Friday 9 December 2016

€32m town shopping centre sold for a fraction of boom value

Published 03/07/2016 | 02:30

The shopping centre in Castleblaney. Photo: Shane Maguire
The shopping centre in Castleblaney. Photo: Shane Maguire

Two sites in Castleblayney, Co Monaghan for which Zurich Bank extended a loan of €32m in 2007 to finance the development of a shopping centre were sold prior to being offered for auction by Allsop last Thursday at a fraction of their boom-era valuation.


An adjoining 2.27 acre parcel of land meanwhile carried a reserve price of €70,000.

Both properties were however acquired by a single buyer in advance of being offered for sale for "significantly above their reserves", said a spokeswoman for Allsop auctioneers.

The Castleblayney centre's former owner and developer, Jim McConnon, began assembling the site in 2004 with a view to expanding his existing shop - a Supervalu which he owned and operated on the town's Main Street. With property prices already spiralling, McConnon paid a combined €6.5m for two sites. Following the addition of €1.6m in groundworks and other costs the shopkeeper's total outlay ended up approaching €10m - borrowed from AIB.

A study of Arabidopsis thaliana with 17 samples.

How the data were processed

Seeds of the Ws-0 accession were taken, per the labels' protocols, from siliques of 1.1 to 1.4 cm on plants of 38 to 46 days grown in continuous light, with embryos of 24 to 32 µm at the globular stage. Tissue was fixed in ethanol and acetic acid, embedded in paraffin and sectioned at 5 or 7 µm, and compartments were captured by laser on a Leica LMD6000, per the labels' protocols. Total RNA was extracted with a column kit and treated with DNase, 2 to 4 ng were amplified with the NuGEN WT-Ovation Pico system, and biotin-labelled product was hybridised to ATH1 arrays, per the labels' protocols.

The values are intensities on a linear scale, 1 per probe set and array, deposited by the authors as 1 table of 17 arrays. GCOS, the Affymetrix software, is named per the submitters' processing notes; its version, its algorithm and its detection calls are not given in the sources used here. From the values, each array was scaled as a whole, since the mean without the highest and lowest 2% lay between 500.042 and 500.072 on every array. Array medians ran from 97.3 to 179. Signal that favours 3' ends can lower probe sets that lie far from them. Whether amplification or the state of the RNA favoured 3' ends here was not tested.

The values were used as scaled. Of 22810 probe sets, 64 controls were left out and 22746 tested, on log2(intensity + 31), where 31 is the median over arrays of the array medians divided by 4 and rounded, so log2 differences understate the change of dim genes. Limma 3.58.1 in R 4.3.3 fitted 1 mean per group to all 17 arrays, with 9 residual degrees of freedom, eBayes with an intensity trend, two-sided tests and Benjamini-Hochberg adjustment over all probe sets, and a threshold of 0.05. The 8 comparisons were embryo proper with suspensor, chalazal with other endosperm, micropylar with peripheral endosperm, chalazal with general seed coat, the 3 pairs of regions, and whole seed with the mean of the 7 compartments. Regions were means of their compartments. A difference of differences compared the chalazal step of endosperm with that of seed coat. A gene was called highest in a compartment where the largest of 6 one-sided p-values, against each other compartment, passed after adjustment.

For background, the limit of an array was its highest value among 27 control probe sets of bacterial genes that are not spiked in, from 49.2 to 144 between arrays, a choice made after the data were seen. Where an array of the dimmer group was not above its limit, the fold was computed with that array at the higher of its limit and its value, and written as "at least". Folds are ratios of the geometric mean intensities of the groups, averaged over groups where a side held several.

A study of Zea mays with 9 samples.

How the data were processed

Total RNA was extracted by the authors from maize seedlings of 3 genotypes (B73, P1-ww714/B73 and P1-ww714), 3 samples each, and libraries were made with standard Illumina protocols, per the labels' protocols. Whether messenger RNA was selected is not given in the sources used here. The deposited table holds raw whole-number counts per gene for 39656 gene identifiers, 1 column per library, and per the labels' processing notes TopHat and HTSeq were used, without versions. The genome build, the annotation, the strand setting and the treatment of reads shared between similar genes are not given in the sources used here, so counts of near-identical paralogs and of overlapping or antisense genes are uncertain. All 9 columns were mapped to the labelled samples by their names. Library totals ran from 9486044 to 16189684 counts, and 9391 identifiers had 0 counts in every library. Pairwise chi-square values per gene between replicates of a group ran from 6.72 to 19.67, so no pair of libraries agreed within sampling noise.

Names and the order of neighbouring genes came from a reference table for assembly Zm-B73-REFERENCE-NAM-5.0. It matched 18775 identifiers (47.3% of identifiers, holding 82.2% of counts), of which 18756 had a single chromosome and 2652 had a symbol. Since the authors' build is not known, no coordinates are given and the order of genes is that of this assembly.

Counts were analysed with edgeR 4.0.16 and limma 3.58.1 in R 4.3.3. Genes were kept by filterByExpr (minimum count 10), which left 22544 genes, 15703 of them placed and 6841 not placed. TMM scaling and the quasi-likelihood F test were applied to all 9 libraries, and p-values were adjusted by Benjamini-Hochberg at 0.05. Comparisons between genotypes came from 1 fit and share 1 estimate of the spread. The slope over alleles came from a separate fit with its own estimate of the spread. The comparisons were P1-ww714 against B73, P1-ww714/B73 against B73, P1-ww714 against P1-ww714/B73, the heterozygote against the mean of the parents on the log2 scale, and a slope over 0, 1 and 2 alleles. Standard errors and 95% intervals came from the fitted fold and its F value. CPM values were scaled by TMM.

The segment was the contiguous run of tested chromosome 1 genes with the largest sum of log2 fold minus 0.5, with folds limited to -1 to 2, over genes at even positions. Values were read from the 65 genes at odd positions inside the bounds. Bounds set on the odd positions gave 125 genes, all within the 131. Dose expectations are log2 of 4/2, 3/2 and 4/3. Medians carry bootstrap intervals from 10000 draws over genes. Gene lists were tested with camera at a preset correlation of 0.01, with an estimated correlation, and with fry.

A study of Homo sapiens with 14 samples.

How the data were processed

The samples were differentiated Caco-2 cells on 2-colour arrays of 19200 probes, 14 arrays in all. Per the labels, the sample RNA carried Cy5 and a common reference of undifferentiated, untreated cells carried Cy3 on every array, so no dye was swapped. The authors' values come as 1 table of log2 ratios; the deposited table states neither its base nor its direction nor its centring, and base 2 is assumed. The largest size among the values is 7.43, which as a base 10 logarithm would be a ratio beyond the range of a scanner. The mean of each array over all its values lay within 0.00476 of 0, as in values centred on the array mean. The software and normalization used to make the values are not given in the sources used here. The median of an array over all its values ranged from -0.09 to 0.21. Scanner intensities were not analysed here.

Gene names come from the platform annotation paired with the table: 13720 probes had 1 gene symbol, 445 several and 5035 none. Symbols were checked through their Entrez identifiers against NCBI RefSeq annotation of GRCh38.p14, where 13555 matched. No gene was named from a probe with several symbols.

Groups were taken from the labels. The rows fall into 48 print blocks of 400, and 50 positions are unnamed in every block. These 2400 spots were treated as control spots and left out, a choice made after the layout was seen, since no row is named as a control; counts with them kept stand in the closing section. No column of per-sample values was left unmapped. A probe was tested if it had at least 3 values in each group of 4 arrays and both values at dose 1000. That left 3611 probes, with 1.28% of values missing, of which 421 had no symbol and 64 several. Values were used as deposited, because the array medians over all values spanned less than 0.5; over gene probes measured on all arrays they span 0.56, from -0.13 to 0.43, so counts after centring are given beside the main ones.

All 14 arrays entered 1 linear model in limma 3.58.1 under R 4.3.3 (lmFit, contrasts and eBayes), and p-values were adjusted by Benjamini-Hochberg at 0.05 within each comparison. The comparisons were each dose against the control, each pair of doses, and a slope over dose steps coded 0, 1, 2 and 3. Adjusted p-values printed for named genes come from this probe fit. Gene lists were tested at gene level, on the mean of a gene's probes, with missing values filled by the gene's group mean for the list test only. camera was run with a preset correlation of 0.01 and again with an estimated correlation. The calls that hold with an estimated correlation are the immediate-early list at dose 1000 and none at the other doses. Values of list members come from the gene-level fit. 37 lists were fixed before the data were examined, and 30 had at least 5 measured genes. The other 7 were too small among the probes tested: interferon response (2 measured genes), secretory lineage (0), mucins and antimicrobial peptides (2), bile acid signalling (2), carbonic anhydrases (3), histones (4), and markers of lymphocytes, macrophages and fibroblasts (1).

Professional plans drawn up for the completion of the centre assessed the total cost at €32m. However AIB pulled its support for the project in late 2006.

Following AIB's withdrawal, Zurich Bank took its place as lender on the project, extending a loan for the €32m to McConnon.

While he continued to work on the Castleblayney Centre up until 2009, by March of that year, the project was on its knees.

Prior to the collapse of the economy, a professional valuation appraised the sites as being worth €15.5m and €14.5m apiece.

McConnon was adjudicated bankrupt after Zurich Bank obtained a €32m judgment against him over his unpaid loans.

In the course of delivering a judgement in McConnon's case in 2012, Mr Justice Peter Kelly told him he was sorry for him, saying: "Every day of the week, I am dealing with people in similar circumstances. I know it's no consolation to you, but you're not alone."